The 2023 Dodge Challenger Black Ghost is the latest “Last Call” special edition model—part of a line of gas-powered Challengers and Chargers that arrive before the muscle car goes electric—and pays homage to the legendary mystery black Challenger from 1970. Aptly nicknamed “The Black Ghost,” the original muscleman fifty years ago occasionally strolled down Detroit’s Woodward Avenue or drove down an industrial street called Stecker before sneaking away, unseen for months or even years. He always seems to win and never lose, but he never hangs around to grab a burger and socialize. Can you imagine that today? A mysterious muscle car with no social media presence or auto show appearances?
The chances of seeing a modern Black Ghost Challenger are almost as slim as they were in the 1970s: only 300 Black Ghost Challenger SRT Hellcat Redeye Widebody (with 807hp) wrapped in black will be built.
It turns out that the original Black Ghost was a 1970 Dodge Challenger R/T with an SE package owned by a transmission man named Godfrey Qualls. Interestingly, “GQ” was actually a Detroit police officer, perhaps a conflict of interest that could help explain the secretive nature of the Black Ghost’s appearances and disappearances. He was actually a motorcycle cop and Black Ghost had trouble towing GQ motorcycles to the racetracks. He was also an Army veteran.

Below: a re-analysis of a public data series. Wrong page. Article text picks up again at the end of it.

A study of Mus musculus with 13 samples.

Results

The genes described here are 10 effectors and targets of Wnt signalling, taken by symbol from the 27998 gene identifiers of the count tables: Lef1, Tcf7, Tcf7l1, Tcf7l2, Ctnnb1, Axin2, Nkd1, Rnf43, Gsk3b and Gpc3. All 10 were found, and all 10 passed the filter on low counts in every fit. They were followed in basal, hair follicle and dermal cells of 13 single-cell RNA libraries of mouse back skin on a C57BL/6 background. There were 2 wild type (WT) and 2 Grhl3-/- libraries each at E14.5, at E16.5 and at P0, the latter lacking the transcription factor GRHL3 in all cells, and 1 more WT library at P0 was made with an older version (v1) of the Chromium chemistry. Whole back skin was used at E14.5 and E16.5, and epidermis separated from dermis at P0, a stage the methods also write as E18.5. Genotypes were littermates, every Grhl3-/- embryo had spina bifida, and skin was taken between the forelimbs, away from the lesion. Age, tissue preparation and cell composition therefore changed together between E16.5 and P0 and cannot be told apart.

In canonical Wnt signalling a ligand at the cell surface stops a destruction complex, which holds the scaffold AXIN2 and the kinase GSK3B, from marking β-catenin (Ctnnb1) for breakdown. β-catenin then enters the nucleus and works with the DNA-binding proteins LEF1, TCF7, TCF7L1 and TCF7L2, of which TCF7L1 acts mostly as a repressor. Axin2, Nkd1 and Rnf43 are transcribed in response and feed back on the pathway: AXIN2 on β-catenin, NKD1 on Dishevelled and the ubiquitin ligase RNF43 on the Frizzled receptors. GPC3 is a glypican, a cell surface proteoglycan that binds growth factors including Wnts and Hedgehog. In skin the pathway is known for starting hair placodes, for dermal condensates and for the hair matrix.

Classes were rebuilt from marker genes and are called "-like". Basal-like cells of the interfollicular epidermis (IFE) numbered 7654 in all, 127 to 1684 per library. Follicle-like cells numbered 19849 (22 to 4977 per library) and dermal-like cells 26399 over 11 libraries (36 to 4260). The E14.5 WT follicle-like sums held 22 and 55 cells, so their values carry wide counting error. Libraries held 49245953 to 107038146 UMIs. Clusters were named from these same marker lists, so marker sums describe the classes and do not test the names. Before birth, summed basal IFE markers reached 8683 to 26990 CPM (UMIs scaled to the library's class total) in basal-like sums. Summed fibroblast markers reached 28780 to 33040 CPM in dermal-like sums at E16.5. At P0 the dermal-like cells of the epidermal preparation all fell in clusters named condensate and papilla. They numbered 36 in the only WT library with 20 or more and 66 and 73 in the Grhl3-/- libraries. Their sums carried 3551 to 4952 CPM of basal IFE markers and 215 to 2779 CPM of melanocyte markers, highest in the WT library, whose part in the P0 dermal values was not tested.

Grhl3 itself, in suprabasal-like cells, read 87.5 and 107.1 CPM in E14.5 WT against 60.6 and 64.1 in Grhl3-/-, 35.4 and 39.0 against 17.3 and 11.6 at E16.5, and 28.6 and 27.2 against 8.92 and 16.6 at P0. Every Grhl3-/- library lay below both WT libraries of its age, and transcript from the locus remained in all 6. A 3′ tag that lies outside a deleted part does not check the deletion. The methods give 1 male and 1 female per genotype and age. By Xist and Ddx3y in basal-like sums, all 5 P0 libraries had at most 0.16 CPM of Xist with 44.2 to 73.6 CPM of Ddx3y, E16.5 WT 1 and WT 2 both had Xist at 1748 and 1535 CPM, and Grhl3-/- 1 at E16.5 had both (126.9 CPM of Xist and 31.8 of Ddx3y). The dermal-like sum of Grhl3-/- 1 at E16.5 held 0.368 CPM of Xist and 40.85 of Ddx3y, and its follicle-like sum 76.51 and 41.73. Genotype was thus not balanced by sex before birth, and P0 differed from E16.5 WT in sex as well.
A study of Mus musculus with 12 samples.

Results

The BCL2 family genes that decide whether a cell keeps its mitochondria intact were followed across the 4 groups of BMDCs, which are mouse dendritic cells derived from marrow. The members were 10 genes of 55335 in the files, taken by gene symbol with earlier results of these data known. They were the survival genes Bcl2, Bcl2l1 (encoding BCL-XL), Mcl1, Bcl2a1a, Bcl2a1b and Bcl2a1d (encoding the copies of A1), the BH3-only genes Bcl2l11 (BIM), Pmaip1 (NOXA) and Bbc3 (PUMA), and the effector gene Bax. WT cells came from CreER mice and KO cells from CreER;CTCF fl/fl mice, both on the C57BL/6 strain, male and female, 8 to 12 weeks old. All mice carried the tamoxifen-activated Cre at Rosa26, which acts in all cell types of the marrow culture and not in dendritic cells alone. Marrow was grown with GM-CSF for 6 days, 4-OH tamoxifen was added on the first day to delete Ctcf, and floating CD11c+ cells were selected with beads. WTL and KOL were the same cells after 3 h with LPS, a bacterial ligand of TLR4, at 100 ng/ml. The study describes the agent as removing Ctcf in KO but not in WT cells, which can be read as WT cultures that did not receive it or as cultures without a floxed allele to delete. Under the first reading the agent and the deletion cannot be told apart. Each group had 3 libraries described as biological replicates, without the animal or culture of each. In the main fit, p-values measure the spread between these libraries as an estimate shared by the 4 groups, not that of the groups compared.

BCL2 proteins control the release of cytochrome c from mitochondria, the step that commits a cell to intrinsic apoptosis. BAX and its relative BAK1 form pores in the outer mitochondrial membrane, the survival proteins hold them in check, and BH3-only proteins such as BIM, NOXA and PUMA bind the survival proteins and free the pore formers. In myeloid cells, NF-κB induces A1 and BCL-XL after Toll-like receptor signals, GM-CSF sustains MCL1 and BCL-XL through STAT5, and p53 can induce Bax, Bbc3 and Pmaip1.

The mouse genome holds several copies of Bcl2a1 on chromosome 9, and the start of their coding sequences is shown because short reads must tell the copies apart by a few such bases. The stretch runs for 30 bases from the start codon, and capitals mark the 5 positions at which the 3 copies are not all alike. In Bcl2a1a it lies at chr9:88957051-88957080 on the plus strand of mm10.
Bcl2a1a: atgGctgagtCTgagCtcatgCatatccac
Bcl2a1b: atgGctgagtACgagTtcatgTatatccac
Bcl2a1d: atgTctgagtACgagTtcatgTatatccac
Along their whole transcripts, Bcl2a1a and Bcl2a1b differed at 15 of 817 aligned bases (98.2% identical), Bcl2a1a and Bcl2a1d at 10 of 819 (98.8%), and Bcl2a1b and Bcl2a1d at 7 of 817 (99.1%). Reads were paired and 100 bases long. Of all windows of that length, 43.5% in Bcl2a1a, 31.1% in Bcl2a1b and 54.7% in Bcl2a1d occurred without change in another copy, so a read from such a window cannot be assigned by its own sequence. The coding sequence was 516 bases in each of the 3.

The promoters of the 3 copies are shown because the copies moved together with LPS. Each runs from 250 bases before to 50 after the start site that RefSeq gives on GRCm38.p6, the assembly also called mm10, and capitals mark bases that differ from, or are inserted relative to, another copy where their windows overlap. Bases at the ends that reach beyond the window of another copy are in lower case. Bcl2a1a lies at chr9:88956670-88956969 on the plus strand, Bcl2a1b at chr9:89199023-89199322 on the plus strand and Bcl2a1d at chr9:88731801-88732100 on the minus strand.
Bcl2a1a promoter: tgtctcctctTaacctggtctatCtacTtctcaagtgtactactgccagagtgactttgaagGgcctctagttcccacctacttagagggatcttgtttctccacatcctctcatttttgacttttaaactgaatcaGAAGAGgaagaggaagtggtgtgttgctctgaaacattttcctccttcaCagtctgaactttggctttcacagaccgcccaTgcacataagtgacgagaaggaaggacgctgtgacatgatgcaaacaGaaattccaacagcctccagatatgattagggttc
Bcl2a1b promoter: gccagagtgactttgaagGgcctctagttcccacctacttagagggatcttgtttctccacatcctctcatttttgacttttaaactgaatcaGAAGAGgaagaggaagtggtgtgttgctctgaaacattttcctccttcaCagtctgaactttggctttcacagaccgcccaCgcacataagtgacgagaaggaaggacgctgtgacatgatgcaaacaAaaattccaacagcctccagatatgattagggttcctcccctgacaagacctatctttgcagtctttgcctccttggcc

According to the in-depth Hagerty writeup, the 1970 GQ Challenger can be built as a one-of-one, given its 425 hp, 490 lb-ft of torque 426 Hemi V-8 with four-barrel carburetor ($778.75); four-speed manual ($194.85); AM/FM stereo ($213.60); “Gator Grain” vinyl roof ($24.60); and cloth and vinyl seats instead of leather ($-48.25). The whole thing came to $5,272.40. The shaker hood it was supposed to have was never installed. The Black Ghost recently became the 28th car inscribed on the National Register of Historic Vehicles.
Aside from an aftermarket coilover, 11-inch slicks and removing the mufflers, Qualls didn’t do much in the way of modifications to the Black Ghost, according to Hemmings. Qualls put over 45,000 miles on the odometer and apparently never needed the clutch.
As shown through exterior features, the new Black Ghost is a modern take on the original, right down to the black gator skin vinyl roof graphics, Challenger badging (grille, fender and spoiler) and white bumblebee rear fender graphic. . The black exterior is offset by a chrome Dodge badge on the front and a chrome fuel filler door. (You can tell Quall was a cop because he opted for a gas cap.) Black six-piston Brembo brakes help stop the 20×11 Satin Carbon Warp Speed wheels.
Inside, the Last Call Black Ghost Challenger features street-legal carbon fiber bezels, Dynamica suede headliner, an Alcantara steering wheel with red SRT logo, and a Black Ghost interior dash badge. As a side note, this badge features the Fratzog logo. While the original didn’t, the new Black Ghost has leather, as seen on the Alcantara/Laguna leather seats and door linings.